Enloe administrators’ math is fuzzy
What does ‘maximum average’ mean to highest-paid execs?
Enloe Medical Center’s so-called “market survey” of wages, which the administration has touted to employees as fair, looks altogether different when it comes to executives.
Vice President of Human Resources Carol Linscheid says the market survey is “based on the average maximum of the wage scale of the six hospitals in our area"—St. Elizabeth in Red Bluff; Mercy Medical Center and Shasta Regional Medical Center in Redding; Fremont-Rideout in Marysville; Oroville, and Feather River in Paradise.
We in the service unit bargaining with the administration try to fathom “average maximum.” This cannot possibly be any kind of average. We know that four of the six hospitals in the “market survey” pay their employees much more than does Enloe, and the other two are comparable. Then add into the equation these other hospitals’ better health-insurance plans; how does the administration figure “average"?
For all of the talk about the Enloe family, employee engagement, Planetree, core values, and so on, actions have shown they do not really care about their service workers. To management, we are just another section of the “market,” worthy of only the least they can get away with paying us. And it’s not that Enloe can’t afford to pay us more; in the last two years, Enloe made about $30 million in profits.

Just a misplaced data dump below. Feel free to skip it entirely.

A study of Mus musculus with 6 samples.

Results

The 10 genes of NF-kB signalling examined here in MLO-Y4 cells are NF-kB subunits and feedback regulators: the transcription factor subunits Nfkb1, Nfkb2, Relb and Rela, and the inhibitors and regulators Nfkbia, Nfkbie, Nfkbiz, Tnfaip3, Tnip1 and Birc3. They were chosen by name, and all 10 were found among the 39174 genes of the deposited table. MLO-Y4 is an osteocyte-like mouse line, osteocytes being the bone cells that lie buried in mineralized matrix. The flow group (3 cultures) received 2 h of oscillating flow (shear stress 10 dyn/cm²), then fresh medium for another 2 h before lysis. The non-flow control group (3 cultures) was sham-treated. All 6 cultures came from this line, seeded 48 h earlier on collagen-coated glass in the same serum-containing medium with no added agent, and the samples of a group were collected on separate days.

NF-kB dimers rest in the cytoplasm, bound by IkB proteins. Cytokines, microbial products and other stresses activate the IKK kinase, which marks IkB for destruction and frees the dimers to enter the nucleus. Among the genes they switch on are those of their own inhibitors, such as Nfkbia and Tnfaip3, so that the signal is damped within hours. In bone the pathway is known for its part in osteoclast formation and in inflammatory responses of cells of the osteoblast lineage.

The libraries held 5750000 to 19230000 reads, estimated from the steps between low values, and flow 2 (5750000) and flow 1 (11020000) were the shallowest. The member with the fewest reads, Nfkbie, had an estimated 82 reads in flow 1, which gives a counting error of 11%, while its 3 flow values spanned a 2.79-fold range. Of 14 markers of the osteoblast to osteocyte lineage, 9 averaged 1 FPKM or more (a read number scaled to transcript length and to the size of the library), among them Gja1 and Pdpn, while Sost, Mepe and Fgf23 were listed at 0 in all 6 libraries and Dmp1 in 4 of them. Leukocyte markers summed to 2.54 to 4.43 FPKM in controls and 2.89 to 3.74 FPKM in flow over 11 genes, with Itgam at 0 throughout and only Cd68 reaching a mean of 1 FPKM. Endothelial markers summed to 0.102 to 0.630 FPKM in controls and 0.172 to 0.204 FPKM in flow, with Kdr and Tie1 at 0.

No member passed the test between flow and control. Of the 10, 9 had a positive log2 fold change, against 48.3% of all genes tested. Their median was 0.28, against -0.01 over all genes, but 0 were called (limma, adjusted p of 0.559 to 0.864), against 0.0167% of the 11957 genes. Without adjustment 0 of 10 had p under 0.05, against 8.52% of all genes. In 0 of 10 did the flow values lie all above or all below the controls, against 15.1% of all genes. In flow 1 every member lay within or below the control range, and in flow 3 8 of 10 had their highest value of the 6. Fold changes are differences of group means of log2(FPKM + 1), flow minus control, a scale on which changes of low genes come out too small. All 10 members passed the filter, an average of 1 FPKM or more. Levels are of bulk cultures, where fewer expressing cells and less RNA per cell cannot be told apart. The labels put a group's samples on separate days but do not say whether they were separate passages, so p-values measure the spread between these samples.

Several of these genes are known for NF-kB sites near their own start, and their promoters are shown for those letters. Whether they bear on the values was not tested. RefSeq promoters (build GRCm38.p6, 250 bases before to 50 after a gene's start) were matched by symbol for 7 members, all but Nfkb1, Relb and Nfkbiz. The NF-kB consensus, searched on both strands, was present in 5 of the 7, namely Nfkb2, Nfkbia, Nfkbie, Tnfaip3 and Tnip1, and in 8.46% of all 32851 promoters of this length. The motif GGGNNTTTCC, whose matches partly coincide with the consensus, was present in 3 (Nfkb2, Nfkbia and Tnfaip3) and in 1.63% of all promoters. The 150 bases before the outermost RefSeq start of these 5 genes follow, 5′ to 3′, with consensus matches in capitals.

On the other hand, Enloe’s administrators take good care of themselves. No “average maximum” for them!
A study of the “market survey” hospitals’ various 990 tax filings—available to the public, and posted at www.enloemedicine.org—show that Enloe executives are by far the highest-paid executives of all the hospitals in the area. They earn twice as much, if not more. Just compare the total compensation from 2006 for then-CEO Dan Neumeister ($557,110) and Fremont-Rideout’s Mike Wiltermood ($178,295). No wonder Wiltermood is now at Enloe!
Using the same logic—and math—as they use for themselves, Enloe administrators should pay their employees around twice as much as other “market survey” employees.
The service unit is only asking for what health-care employees working in Red Bluff now get—not even what they’ll be getting next year, after they negotiate a new contract. Enloe service workers want not to be piggishly rich like Enloe’s executives, but simply to take care of our families without struggling from paycheck to paycheck. That’s all!